Old Words, New Meaning in the New Roman Missal

    OBLATION  The offering of the bread and wine for consecration at Mass, expressed by the offertory procession of the faithful and the offertory prayers of the priest. Also applied to any other gifts presented by the people at Mass, either symbolically on special occasions or actually when the gifts are offered for the use of the clergy, the Church, or the poor. (Etym. Latin oblatio, offering.)  

    CONSUBSTANTIATION  The belief, contrary to Catholic doctrine, that in the Eucharist the body and blood of Christ coexist with the bread and wine after the Consecration of the Mass. John Wyclif (1324-84) and Martin Luther (1483-1546) professed consubstantiation because they denied transubstantiation.

    TRANSUBSTANTIATION  The complete change of the substance of bread and wine into the substance of Christ's body and blood by a validly ordained priest during the consecration at Mass, so that only the accidents of bread and wine remain. While the faith behind the term itself was already believed in apostolic times, the term itself was a later development. With the Eastern Fathers before the sixth century, the favored expression was meta-ousiosis, "change of being"; the Latin tradition coined the word transubstantiatio, "change of substance," which was incorporated into the creed of the Fourth Lateran Council in 1215. The Council of Trent, in defining the "wonderful and singular conversion of the whole substance of the wine into the blood" of Christ, added "which conversion the Catholic Church calls transubstantiation" (Denzinger 1652). after transubstantiation, the accidents of bread and wine do not inhere in any subject or substance whatever. Yet they are not make-believe they are sustained in existence by divine power. (Etym. Latin trans-, so as to change + substantia, substance: transubstantio, change of substance.)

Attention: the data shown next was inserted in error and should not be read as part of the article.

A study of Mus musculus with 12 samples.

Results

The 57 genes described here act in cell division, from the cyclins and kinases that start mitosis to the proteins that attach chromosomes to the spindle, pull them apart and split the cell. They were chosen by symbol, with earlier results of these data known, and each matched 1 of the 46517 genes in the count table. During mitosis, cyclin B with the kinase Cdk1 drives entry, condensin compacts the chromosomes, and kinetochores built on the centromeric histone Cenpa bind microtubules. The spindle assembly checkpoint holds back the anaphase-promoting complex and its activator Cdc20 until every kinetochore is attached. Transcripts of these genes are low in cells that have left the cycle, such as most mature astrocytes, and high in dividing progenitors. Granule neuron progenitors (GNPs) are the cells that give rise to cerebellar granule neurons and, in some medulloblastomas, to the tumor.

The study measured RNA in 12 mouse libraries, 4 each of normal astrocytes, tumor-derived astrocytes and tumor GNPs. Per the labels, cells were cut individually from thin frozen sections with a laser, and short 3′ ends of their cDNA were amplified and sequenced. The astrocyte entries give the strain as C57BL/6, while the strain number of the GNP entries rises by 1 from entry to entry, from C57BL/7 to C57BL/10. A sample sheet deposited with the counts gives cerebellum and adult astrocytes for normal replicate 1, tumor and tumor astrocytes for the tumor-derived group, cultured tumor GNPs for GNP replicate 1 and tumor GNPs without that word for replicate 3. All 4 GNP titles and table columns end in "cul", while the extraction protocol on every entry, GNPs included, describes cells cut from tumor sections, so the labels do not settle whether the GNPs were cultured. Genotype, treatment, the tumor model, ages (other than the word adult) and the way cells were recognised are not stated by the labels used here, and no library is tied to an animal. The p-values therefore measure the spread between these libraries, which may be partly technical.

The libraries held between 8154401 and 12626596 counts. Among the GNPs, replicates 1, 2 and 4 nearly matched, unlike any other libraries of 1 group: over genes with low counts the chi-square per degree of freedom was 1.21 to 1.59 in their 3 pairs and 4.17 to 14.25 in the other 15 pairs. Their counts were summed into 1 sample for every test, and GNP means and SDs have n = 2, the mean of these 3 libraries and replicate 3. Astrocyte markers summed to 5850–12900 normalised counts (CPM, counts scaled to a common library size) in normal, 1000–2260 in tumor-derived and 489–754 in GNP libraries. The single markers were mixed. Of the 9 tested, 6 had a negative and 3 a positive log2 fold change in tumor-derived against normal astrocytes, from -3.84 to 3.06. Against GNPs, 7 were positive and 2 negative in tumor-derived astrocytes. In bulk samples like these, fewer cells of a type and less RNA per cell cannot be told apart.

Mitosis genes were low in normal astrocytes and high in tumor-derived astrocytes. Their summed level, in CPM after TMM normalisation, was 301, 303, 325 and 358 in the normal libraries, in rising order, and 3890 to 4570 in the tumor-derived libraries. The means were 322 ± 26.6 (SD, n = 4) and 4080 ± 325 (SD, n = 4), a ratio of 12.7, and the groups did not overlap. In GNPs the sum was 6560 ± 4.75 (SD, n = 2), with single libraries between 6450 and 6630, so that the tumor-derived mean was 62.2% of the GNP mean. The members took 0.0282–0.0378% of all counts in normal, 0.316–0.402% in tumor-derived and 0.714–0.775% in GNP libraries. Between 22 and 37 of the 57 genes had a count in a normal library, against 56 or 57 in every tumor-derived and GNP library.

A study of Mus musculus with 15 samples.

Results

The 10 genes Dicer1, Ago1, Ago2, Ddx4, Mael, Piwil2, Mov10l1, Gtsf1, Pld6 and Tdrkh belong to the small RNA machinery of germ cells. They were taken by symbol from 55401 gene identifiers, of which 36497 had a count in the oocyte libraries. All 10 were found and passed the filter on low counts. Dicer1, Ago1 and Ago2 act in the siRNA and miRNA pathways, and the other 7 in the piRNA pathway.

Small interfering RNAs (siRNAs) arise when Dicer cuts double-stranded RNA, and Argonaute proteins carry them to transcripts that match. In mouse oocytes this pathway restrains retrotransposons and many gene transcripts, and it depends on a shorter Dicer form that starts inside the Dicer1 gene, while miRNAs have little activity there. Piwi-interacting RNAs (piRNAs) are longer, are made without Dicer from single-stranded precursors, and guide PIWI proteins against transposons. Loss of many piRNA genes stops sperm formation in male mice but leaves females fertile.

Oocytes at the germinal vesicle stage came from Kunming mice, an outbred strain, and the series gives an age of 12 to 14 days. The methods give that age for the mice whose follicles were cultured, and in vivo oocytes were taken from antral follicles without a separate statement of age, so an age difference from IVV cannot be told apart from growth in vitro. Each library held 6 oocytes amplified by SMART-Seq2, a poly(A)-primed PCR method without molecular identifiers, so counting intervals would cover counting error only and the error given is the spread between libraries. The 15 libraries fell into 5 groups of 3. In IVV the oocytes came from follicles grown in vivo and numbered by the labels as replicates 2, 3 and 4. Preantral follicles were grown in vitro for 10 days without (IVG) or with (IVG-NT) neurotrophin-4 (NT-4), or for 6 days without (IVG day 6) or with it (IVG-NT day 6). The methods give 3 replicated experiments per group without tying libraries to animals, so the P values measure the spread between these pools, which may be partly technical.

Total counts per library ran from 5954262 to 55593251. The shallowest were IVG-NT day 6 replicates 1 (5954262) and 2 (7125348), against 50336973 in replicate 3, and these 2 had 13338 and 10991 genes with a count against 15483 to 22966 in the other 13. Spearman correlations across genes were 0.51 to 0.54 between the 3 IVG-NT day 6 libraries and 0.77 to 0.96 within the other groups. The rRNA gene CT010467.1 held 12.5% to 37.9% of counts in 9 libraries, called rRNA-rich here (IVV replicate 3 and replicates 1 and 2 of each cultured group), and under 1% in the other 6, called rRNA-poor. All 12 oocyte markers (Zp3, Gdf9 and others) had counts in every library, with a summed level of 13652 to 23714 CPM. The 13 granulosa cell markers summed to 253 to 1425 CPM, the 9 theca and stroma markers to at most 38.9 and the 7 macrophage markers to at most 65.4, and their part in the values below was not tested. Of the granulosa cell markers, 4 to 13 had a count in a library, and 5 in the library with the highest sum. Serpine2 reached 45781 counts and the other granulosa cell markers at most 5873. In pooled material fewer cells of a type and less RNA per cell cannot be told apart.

INEFFABLE  That which is inexpressible. Only God is ultimately ineffable because only he cannot be fully comprehended by the finite mind. Since knowledge determines expression, the divine ineffability is a result of the divine incomprehensibility. In the words of St. Augustine, "More true than our speech about God is our thinking of Him, and more true than our thinking is His Being" (De Trinitate, VII, 4, 7).

    HOST A victim of sacrifice, and therefore the consecrated Bread of the Eucharist considered as the sacrifice of the Body of Christ. The word is also used of the round wafers used for consecration. (Etym. Latin hostia, sacrificial offering.)

    INCARNATE Like Christ, who is God become man, the adaptation of the divine to the human, the eternal to the temporal, in the preaching and teaching of the Gospel. Always without compromise of revealed truth, it is the Church's readiness to adjust her message to the culture of the people, even as Christ became incarnate not only in the human nature he assumed as God, but in the society and the times in which he lived. (Etym. Latin incarnare, to make flesh; Latin in- + caro, flesh.)

    MISSAL  The book containing the prayers recited by the priest at the altar during Mass. Since the Second Vatican Council the Missal includes both the sacramentary (or ritual part of the Mass) used only by the celebrant, and the lectionary (containing readings from Scripture) for  presider and assisting ministers.